Theological Papers

In his classic work, The Proper Distinction Between Law and Gospel, C.F.W. Walther pointed out that a newly converted Christian doesn’t live by the motto, “Jesus loves me this I know…and this is all I want to know.”  The newly converted Christian now wants to know and understand everything there is to know about God, Jesus, the Scriptures, the plan of salvation, and anything else that God has revealed to us in His Word.

This is nothing other than a repetition of the encouragement of Peter, who wrote, “Grow in the grace and knowledge of your Lord and Savior Jesus Christ” (2 Peter 3:18).

Because we ever strive to grow in grace and knowledge, we continually study the Scriptures.  In addition, because controversies, questions, scandals, and divisions erupt over what God teaches and says, the Church throughout the ages has written about what God says.  The Church has produced theological works — papers, essays, monographs, theses, books, lectures.

The Wisconsin Evangelical Lutheran Synod is no different.  Pastors, teachers, and laymen in our church body dive into the Word and write about it.  At circuit meetings, pastor and teacher conferences, meetings of districts, and the Synod, a regular part of our gathering is the  presentation and discussion of theological papers based on assigned topics.  These papers are usually in one of four basic areas:

  • Biblical Theology — This includes exegetical or isagogical studies of a selected portion of Scripture.  Exegesis focuses on the grammar, vocabulary, syntax, and context of a given portion of Scripture in its original language.  For this reason it focuses on a smaller portion of Scripture:  a verse, a few verses, a chapter, a couple chapters.  Isagogical papers cover larger portions of Scripture, not ignoring the original languages, but looking at the broader sweep of a portion of a book or an entire book.
  • Historical Theology — The name says it all.  As Solomon writes, “There is nothing new under the sun.”  The Church studies her history to see God’s protecting hand, to understand how those who have gone before have testified to the truth, to see how others have perverted it, and to be prepared to deal with old errors in new clothes.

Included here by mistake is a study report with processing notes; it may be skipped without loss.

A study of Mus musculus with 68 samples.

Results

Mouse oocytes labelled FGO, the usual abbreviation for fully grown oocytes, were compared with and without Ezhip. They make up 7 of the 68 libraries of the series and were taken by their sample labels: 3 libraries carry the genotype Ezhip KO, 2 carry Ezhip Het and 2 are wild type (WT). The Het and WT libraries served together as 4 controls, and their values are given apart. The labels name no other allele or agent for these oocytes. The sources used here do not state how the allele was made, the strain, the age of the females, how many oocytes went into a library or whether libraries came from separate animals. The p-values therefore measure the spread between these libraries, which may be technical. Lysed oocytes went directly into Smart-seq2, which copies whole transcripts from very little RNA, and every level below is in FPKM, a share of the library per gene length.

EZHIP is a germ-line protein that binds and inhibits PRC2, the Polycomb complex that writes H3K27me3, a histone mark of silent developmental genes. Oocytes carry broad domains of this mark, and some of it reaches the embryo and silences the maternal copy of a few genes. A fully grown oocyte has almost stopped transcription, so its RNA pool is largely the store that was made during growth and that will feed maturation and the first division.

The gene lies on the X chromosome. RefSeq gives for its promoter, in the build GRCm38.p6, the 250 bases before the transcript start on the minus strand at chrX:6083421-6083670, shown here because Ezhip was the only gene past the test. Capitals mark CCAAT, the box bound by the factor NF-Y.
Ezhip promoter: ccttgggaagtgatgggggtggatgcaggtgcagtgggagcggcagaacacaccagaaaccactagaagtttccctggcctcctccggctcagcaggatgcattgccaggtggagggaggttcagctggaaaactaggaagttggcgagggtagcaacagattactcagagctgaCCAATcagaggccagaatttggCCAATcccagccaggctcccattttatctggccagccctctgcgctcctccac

• Systematic Theology — One way to describe this area is “catechism plus.”  Systematic theology is the orderly arrangement of Scripture according to topics:  God, Jesus, Salvation, the Means of Grace, Sin, End Times, Conversion, Church and Ministry, etc.
  • Practical Theology — This area deals with the carrying out of ministry.  Practical theology includes preaching, teaching, counseling, how to deal with cases, etc.

On this page will be included some theological works by past and current pastors of St. Mark, along with links to other worthwhile reading.

Pr. Thomas Haar (St. Mark, 1975-1980)

Pr.  Robert Hartman (St. Mark, 1966-1970)

Pr. Jerry Kassebaum (St. Mark, 2001-2006)

Pr. Benjamin Tomczak (St. Mark, 2006-present)

Pr. Myrl Wagenknecht (St. Mark, 1964, 1970-1971)

Responses

  1. Great blog and hope to have some time soon to come back and read more!

  2. I would humbly ask to write a reply to Pr. Jerry Kassebaum’s “Remit or retain? Questions on the justification on a Christian witholding forgiveness ” however i am having difficulty downloading his paper. Would it be possible to send as an attachment on my email or other possibilities?